MM0704, Lesson 4
frequencies higher than normal power frequencies increases the iron losses due to residual magnetism. This is evident
since the molecular friction, due to the rapidly changing polarity, is increased as the frequency increases.
For transferring energy from one circuit to another at audio frequencies, special transformers use a core material having
a very low degree of retention. At these higher frequencies, residual magnetism left in the core material by the effect of
one-half cycle will cause an undesirable lag in the secondary voltage. Audio frequencies range. Because audio
transformers must transfer this range of frequencies from about 20 to 20,000 Hz from one circuit to another without
distortion, they are very carefully designed. In some cases, the secondary is center tapped, and when it is, great care is
taken to see that the windings contain the same inductance on each side of the center tap.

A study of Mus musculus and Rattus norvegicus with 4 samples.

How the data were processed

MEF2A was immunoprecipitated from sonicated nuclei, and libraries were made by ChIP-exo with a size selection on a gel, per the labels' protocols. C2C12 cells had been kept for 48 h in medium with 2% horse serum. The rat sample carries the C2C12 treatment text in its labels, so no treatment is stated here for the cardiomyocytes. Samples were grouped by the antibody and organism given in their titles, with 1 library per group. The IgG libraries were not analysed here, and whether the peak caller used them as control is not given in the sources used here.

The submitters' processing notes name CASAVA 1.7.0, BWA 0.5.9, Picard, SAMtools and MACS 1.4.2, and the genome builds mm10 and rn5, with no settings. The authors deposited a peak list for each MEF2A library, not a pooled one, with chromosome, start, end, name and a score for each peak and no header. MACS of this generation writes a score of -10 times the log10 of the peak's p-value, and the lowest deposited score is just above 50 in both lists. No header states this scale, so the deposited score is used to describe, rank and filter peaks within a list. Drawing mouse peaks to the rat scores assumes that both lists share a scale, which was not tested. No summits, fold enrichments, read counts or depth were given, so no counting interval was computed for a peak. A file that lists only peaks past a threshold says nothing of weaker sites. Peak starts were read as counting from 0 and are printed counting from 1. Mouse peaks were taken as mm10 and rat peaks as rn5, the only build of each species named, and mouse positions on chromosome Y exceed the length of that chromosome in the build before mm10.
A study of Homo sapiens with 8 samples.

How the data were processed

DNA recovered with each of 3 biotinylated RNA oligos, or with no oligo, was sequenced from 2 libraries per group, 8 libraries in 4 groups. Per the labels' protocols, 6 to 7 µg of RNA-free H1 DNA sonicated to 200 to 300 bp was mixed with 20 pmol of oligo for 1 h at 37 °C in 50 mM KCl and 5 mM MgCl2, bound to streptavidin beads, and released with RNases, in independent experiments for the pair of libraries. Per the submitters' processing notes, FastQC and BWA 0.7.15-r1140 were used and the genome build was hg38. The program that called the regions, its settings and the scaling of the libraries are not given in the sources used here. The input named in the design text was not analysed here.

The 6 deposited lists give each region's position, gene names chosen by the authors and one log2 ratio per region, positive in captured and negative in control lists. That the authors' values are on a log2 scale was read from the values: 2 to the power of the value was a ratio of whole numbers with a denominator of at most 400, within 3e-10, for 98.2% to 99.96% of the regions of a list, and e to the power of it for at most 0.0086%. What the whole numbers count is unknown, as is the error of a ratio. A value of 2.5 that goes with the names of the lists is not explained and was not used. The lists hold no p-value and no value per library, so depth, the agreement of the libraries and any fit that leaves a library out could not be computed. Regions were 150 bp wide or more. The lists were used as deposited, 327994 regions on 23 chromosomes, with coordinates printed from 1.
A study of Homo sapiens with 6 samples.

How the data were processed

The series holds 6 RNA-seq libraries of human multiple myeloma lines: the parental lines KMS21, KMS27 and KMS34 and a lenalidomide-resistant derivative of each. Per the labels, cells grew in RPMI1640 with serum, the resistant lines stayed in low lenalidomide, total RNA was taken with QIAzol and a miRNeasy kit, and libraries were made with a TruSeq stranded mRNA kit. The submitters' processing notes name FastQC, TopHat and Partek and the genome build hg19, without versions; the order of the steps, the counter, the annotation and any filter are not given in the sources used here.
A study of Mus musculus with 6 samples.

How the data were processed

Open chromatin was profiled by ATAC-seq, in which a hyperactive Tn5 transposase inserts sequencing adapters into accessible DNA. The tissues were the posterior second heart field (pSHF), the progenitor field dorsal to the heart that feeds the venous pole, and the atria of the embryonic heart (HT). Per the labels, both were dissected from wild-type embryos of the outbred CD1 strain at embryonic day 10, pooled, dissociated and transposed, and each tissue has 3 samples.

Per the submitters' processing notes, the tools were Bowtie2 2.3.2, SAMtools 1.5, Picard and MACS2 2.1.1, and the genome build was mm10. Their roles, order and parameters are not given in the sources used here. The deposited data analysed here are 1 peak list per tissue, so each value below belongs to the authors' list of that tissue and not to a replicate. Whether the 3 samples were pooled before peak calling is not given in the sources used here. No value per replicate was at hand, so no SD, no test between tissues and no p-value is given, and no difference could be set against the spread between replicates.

RADIO FREQUENCY TRANSFORMERS
When working with the radio frequencies (RF) (above the audio range), the iron core transformer used for power and
audio frequencies is no longer practical. The advantage from reducing flux leakage through the use of a suitable core is
offset by the loss due to hysteresis at these frequencies. Many RF transformers have air cores. Some, however, use
special powdered iron cores.
Air core transformers have very little coupling between the primary and secondary, since all the flux emanating from
the primary is not cutting the secondary winding.
You can assume that the coefficient of coupling is so small it is negligible in regard to the effect of secondary load on
the primary circuit. Vectorially, you can show an air core transformer (figure 4-20) with an unloaded secondary the
same way you plotted the iron core transformer. For practical application, however, the secondary of the air core
transformer is usually loaded with a capacitor
Figure 4-20. Vector Diagram of an Air Core Transformer.